Friday, February 20, 2009

PTSD Healing: What Lies Beyond the Words

Three and a half years ago I sat down to write out my trauma. I’m a writer, after all, writing’s what I do. I turned on the computer, I adjusted my seat, I fiddled with the lamp. I opened the window. I sat back down at my seat. I stared at that annoying flashing cursor. I decided I needed a cup of coffee. I went to the kitchen. I scratched Baylee’s belly and waited for the water to boil. I stirred up a great aromatic blend. I went back to my desk. I sat down. I stared at the blank screen. I decided I needed a cookie to go with the coffee. I went back to the kitchen. On the staircase, I passed a new book I’d bought. I sat down to read a few pages.

Do you see where I’m going here? The will and desire to heal are not a straight line. We will be pulled toward healing just as we’re pulled toward not healing. Healing is frightening. Healing asks us to go into the dark believing we’re going to come out into the light. What we must do is have faith that the healing process will bring us to a better place.

Not that faith is an easy thing. Pulling together our thoughts about our trauma and the healing process can bring up new stuff we weren’t (and, thank you, didn’t want to be!) aware of.

I’ll show you what happened when I started writing. I had just moved to Florida from New York City and bought my first house...

A lush tropical garden of weeping French hibiscus, bougainvilla, jasmine, huge red lobster and white birds of paradise surrounds our patio. It is the perfect place for me to stalk the past. While the humidity curls damp tendrils on my neck, I’m slowly beginning to look at events, recount facts, develop a chronology; mine my memories with deliberate consciousness. In the end, there will be something that resembles a plot with characters, conflict, climax and resolution. I will have followed the proper academic protocol for story writing, but will it get me anywhere? Are Charcot and his cronies correct in thinking that telling the story heals trauma? More recently, is Horowitz et. al. correct in assuming that the “repeated replaying of upsetting memories serves the function of modifying the emotions associated with the trauma, and … creates a tolerance for the content of the memories”?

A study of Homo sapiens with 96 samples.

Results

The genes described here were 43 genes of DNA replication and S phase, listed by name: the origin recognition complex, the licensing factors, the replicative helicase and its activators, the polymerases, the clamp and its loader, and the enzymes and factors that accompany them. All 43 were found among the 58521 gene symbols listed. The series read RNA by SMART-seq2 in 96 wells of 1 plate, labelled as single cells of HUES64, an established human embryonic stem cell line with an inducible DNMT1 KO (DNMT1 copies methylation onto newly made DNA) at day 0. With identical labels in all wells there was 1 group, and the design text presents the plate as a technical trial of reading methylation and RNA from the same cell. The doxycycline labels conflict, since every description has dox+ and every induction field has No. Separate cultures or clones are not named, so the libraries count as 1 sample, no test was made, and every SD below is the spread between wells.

When I am through with this very thorough reconstruction of events, will 1981 seem inconsequential? Will I be able to see myself after all? Or is this just another way to honor the trauma because as I get going and get the swing of laying out the facts, telling the story seems pretty damn easy compared to examining, exploring and exposing the deeper meat of it all, aka, Those Things We Don’t Discuss About Trauma.

It’s so much easier to breeze over the flow of time than to discuss, for example:

The acute and sudden sense of overwhelming powerlessness.

My surprise at being so powerless; the seismic shock of that surprise.

The internal and external measures I took (and continue to take) to accept that shock.

How acceptance of shock causes an identity to splinter.

The disorientation splintering brings.

The ways in which disorientation forces the sculpture of an unrecognizable self.

How much that new self is not an entirely comfortable place to be.

How frightened I am that no place will ever be comfortable again.

How I no longer trust myself, anyone else, or anything in the universe at all.

How difficult it is for me to talk about any of this.

How much I want to speak but can’t.

How distressed I am at this unexpected absence of words.

The fact that I am lost. I am overwhelmed. I am afraid.

Doesn’t sound like things are going well, does it? But a wonderful thing happens when we begin telling the story: We start looking beyond the facts and see ourselves and what’s really driving us. We start understanding the why of PTSD instead of just living the what. We begin learning what it will take to heal.

The past 3 weeks of focusing on the I WILL TALK healing resolution has brought you to the point that the words are moving out of the dark of your mind and into the light of the world. This is a terrific accomplishment. This act of bridging the gap between you and the rest of the world will lead to a new level of healing.

Next week we’ll start looking at strategies for choosing the 5Ws of telling our story – the who, what, when, where, why, and how of the right person, place, time and method for bridging the gap between the story controlling us and us controlling the story.

Over the weekend, take some time to 1) finish revising your trauma script, 2) practice reading it aloud to yourself.

Freedom is coming, friends. Let your words lead the way!

(photo: lotusfee)

1 comment:

Destress Yourself said...

Thank you Michele,

truly a pad of paper, or a computer, can be our best friend if we let it.